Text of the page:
Private, governmental and non-profit relief efforts are underway. But, before you contribute to any relief efforts,  investigate the relief organization. Unfortunately, scammers use disasters as a way to take the money intended for disaster victims. Verify non-profit groups through Florida’s Department of Agriculture and Consumer Affairs Check-a-Charity, Give.org, or through GuideStar.  Be wary of Go Fund Me pages and other individual crowd funding efforts. You can check Florida’s Department of Agriculture for a current list of scams and frauds that impact Floridians.

The residents and business in the area impacted by Hurricane Michael need your help.  You can contribute to the relief efforts by helping the reputable organizations that are now on the ground assisting.  These include, but are not limited to:  the Red Cross, Salvation Army, Mormon Helping Hands, Catholic Charities, Samaritan’s Purse, and United Way.  Many of your churches, employers, trade organizations, and civic organizations may also have organized relief efforts.  The organizations with which you have a connection may be the best ones to contribute through since you will be able to control where your donations are going.  If you want to volunteer but don’t know where, VolunteerFlorida.org can help match you with an organization.

One of the fastest and easiest ways to help is by donating money through one of the organizations listed above.  Designating it for Hurricane Relief can ensure that it is used for that purpose. The disaster relief agencies on the ground will use the money for the immediate needs. You can also give blood because it is always needed during a disaster.  Our office is less than an hour from the disaster areas.  There are urgent requests for the following items:

  • generators
  • water–lots of water
  • non-perishable food (protein rich and no cooking needed are always good)
  • gasoline
  • personal hygiene items (hand sanitizer, wipes, incontinence products, women’s hygiene, etc.)
  • ice
  • extension cords (for generators)
  • baby items (diapers, wipes, formula)
  • first aid supplies
  • coolers
  • batteries
  • flashlights
  • tarps

In every impacted community there are “point of distribution” centers that distribute disaster aid to impacted residents. These centers coordinate donated supplies and distribution.  In addition to distributing donated items, they also distribute meals-ready-to-eat, water, and other aid.  In some areas, organizations like the Salvation Army work with local governments to provide meals at “comfort stations” where residents can charge cell phones, sit in cooler, covered areas, and even take showers.  If you are getting help in the wake of Hurricane Michael, beware of scammers as well and avoid being a victim of a repair or clean up scam.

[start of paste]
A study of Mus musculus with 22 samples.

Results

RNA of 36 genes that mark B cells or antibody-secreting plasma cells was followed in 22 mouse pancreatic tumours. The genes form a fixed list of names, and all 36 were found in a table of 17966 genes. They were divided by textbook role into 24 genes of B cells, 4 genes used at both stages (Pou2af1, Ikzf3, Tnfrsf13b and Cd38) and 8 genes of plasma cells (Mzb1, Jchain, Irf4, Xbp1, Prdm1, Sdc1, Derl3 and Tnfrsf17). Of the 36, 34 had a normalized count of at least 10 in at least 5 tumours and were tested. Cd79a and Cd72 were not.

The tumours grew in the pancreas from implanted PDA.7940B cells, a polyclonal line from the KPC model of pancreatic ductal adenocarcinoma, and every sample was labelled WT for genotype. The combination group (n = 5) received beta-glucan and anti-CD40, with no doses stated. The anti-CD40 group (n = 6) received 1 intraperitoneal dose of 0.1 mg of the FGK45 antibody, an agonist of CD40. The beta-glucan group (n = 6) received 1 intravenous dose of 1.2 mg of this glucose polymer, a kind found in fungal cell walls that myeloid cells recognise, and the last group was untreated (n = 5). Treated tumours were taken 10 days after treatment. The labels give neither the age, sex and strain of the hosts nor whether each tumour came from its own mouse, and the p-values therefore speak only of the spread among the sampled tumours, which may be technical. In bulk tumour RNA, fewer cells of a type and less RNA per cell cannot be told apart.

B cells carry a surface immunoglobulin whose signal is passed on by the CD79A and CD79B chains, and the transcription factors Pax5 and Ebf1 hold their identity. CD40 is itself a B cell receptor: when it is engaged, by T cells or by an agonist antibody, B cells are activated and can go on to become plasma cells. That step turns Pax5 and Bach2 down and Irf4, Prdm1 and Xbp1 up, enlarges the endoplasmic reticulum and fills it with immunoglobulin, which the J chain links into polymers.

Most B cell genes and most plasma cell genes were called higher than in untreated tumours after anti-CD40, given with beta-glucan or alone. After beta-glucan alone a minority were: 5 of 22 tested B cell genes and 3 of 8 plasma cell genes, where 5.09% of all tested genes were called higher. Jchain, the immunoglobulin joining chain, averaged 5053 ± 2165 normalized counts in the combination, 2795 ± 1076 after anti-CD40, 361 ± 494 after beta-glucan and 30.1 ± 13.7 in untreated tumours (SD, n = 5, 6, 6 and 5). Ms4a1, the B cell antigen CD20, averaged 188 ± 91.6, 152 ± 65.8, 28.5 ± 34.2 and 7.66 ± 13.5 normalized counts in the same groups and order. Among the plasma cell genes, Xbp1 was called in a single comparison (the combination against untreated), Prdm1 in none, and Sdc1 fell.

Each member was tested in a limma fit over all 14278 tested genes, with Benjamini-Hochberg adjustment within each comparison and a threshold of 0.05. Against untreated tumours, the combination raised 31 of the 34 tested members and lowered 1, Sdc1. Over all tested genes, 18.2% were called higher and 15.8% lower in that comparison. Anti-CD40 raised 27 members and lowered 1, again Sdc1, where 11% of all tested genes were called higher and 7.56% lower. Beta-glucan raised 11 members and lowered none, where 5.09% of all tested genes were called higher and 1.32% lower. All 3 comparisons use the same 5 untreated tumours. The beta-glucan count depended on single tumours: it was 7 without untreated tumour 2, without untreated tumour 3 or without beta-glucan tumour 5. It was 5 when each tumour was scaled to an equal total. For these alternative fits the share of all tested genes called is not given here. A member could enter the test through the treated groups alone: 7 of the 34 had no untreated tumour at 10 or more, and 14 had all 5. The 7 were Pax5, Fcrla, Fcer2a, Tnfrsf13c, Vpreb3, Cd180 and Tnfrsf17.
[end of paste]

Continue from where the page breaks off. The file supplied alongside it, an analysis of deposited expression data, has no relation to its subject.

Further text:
Most of our readers live too far away to see the impressive relief efforts. Caravans of utility trucks headed into disaster areas to restore power. National Guard convoys bringing in personnel. National Guard personnel patrolling streets, helping with search and rescue efforts, and distributing supplies.  Military helicopters flying over head taking supplies and equipment into the devastated areas. Vans full of volunteers pulling trailers of chainsaws, ladders, and cleanup equipment bring armies of volunteers to help clear debris. Local neighborhoods in less impacted areas collecting donations to those in need. Today, a caravan of eight fire trucks full of first responders from across Florida came through our neighborhood headed down to the coast.

Everyone in the area appreciates the help, the love, the prayers, and your good thoughts.  With your help, the Florida Panhandle and Big Bend areas will recover.